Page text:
Ancient Inca Geography
Connections to the Curriculum:
Geography, world history
Connections to the National Geography Standards:
Standard 15: "How physical systems affect human systems"
Two to three hours
- Computer with Internet access
- Wall map of North and South America
- Books and Web sites about the Inca civilization
- use print and online resources to research the Inca civilization and way of life;
- discuss the geographical features of the region ruled by the Inca;
- explain how geography affected the Inca way of life, including government, architecture, agriculture, transportation and communication, and clothing; and
- consider how geography affects their own way of life, and discuss the reasons geography is not as influential now as it was in ancient times.
Acquiring Geographic Information
Analyzing Geographic Information
S u g g e s t e d P r o c e d u r e
Ask the class to share what they know about the Inca Empire. Encourage them to share images that come to mind, both for the culture and the land the Inca ruled. Explain that around A.D. 1200, a powerful South American tribe began to conquer weaker tribes and united them into one empire, known as the Inca Empire. The Inca Empire was a large and successful one that stretched along the western part of South America, down the Andes Mountains, from what is now Colombia to Chile. (Point out this area on a map of South America.)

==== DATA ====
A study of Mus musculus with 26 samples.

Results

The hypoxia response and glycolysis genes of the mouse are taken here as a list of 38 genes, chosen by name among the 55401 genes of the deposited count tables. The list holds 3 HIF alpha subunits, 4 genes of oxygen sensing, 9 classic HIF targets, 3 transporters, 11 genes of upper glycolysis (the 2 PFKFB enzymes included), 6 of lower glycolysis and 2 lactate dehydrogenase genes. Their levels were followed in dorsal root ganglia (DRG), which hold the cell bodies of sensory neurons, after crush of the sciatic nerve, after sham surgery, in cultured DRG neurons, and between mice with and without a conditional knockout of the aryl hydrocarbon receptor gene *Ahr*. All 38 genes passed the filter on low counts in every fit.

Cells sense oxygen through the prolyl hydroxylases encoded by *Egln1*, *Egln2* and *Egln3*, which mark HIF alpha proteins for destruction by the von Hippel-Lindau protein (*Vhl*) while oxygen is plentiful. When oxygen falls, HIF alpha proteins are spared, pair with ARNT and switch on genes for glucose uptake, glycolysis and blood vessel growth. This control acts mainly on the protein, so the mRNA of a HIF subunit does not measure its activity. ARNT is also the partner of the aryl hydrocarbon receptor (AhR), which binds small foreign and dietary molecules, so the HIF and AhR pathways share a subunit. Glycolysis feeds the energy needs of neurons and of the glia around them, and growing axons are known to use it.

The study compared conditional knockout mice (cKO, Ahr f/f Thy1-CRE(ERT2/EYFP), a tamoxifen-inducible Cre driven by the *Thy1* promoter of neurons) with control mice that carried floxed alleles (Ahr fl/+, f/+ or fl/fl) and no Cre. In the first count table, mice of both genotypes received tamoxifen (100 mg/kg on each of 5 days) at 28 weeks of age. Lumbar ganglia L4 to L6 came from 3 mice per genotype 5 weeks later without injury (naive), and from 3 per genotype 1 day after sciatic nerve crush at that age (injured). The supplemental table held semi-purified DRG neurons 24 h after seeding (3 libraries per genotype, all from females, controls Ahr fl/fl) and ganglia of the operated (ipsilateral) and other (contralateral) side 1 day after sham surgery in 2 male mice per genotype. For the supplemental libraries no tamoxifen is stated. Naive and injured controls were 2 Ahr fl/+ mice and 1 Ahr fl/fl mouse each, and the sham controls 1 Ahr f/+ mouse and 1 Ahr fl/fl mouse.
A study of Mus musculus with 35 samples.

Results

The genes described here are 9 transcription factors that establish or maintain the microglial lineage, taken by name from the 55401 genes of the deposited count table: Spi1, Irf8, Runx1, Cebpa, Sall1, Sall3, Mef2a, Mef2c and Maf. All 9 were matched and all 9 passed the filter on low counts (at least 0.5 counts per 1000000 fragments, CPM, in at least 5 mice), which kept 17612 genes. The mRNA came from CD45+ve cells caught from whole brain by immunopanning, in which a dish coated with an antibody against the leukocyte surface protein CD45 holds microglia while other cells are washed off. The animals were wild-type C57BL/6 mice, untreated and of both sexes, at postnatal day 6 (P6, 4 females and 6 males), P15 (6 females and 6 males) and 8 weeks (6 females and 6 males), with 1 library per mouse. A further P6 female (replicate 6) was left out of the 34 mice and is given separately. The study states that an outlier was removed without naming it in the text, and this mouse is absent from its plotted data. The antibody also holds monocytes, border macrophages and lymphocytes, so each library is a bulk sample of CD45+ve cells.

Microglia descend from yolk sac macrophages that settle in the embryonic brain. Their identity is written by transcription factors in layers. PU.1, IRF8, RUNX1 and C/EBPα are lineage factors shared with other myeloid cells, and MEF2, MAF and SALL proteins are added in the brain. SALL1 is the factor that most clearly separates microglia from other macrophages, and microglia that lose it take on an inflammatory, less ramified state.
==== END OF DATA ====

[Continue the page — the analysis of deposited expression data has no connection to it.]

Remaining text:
Development:Have students explore the varied geography of the Inca Empire. Encourage them to use topographical and/or climate maps to consider the different types of terrain of the Inca Empire. As a class, discuss some of the possible challenges faced by the Inca.
Next, have students research the Inca civilization and way of life. Ask them to focus on Inca government, architecture, agriculture, transportation and communication, and clothing. For each topic, students should explain how geography has affected that aspect of Inca life. What geographical hurdles did the Inca have to overcome? How did they solve each problem? Have students create a written report, briefly explaining how geography influenced the Inca.
To learn more about the Inca, have students use books and online resources, such as:
A Brief Overview of Inca Life and History
The Civilization of the Incas: The Craftsmen
Eyewitness: Aztec, Inca and Maya by Elizabeth Baquedano (DK Publishing, 2000)
Ask students to consider how geography affects their own way of life. How does the geography of their own town or region affect its government, architecture, agriculture, transportation and communication, and clothing? If geography does not play a role, why not? As a class, discuss the reasons geography may not be as influential today as it was in ancient times.
Suggested Student Assessment:
Using what they learned in class, have students write a brief overview of both the challenges and the advantages presented by the Inca geography.